Let's start with a disclaimer: I'm not a fan of free jazz. So why would I even bother with an album I was pretty sure I'd dislike?

There's a practical answer: It was on sale. I was in a record store recently that was having a buy-one-get-one-for-$1 sale. So I got a CD I knew I'd like and then saw Ornette Coleman at the Golden Circle, Volume One. Did I mention I collect Blue Note CDs? It's the name of this column.

I knew I probably wouldn't like it. But for $1, I can be a sport.

So I listened to it three times all the way through. Hey, I try to have an open mind for all kinds of music. Tastes changes over time. I thought maybe if it became familiar, I might like it better.

Not so much.

So what is it about Ornette Coleman generally and this CD in particular that turns me off? Let's start with the tone. The alto sax can be kind of shrill. Of course, it can also be sublime. Consider almost anything by Charlie Parker. Suffice to say Ornette Coleman is not Bird. It doesn't help when you go out of your way to make the alto screech and squawk. This is one harsh-sounding album.

Then there's the trio format. To my mind, it's hard to make a sax-bass-drums trio interesting. Not impossible, mind you. Sonny Rollins' Way Out West is pretty fantastic. But by its very nature, a sax with no piano, guitar, horn or other melody maker can be pretty monotonous—just one long, long uninterrupted solo. (I sometimes wonder what I would have thought had I heard Sonny Rollins on the Williamsburg Bridge in 1960, playing all by himself for hours on end. I like to think I would have said, "Wow, that's amazing!" More likely I would have walked on by and thought, "Interesting sax. Call me when you find a band.")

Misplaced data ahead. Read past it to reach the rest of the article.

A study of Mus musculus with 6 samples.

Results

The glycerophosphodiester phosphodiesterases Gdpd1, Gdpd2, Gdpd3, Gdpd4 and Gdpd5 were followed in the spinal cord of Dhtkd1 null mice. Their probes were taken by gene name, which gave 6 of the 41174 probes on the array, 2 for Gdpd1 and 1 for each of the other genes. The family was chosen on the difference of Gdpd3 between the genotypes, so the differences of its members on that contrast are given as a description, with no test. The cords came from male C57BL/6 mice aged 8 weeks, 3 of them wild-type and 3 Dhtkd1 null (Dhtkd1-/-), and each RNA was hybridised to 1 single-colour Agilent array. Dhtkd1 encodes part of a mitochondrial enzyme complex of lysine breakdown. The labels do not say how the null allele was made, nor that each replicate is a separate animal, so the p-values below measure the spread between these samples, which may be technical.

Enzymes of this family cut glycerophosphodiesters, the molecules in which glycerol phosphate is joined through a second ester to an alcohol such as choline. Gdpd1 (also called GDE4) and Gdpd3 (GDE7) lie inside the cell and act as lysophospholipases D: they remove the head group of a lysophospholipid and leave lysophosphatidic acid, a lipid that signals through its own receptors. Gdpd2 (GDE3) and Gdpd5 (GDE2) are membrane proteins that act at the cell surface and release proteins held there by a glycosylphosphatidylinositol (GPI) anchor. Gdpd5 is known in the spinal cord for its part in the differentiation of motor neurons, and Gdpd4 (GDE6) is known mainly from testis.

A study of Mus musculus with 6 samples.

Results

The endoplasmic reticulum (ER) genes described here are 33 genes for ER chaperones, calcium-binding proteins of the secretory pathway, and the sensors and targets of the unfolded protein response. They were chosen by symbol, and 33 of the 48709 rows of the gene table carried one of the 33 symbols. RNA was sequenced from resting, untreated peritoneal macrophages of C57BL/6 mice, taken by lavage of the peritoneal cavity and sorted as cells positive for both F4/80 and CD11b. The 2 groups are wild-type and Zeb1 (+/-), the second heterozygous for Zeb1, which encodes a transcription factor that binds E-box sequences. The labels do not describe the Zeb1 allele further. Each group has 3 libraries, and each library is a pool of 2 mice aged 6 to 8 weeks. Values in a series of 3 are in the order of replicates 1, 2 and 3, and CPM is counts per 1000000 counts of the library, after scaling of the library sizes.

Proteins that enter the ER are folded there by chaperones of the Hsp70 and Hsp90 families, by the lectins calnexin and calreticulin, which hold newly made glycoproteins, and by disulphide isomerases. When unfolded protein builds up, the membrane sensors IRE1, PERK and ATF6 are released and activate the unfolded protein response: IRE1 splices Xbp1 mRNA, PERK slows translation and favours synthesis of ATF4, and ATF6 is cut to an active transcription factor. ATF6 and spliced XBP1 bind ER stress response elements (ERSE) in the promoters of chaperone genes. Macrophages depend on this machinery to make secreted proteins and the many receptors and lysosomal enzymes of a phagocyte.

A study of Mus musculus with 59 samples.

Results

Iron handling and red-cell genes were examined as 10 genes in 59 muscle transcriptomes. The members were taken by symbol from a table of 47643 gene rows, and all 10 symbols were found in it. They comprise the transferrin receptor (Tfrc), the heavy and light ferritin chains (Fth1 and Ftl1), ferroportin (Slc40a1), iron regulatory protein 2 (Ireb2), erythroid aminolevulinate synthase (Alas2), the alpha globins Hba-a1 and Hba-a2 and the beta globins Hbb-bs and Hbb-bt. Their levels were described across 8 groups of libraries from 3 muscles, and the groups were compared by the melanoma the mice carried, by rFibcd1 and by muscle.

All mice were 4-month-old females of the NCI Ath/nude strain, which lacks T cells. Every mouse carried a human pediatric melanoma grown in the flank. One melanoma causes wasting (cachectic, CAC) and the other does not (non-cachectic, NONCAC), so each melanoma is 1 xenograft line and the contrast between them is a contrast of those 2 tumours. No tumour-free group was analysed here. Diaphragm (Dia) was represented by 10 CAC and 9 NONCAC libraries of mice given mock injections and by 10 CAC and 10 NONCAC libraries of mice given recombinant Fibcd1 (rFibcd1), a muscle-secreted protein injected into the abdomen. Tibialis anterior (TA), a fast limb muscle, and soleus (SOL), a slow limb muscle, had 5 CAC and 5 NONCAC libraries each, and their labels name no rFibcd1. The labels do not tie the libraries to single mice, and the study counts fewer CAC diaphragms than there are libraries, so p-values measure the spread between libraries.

Finally, there's the whole notion of free jazz. The idea of "music" with no underlying chords or melody or rhythm leaves me cold. Can a bunch of guys playing together, with no preconceived ideas, eventually hit on an interesting tune or cohesion, just by long improvisation? Sure, I guess. I'm just not patient enough to wait for it to happen.

I like melodies, including improvised melodies. As I listened to At the Golden Circle, I occasionally heard ideas and snippets that sounded interesting. I would think, "OK, now we're getting somewhere." But inevitably the improvisation would move on and I'd feel lost again. Most jazz doesn't feel that way. Ornette Coleman does—at least to these ears.

As a Blue Note collector, I'm glad I have this CD. But it's not one I'll return to very often, and maybe never again.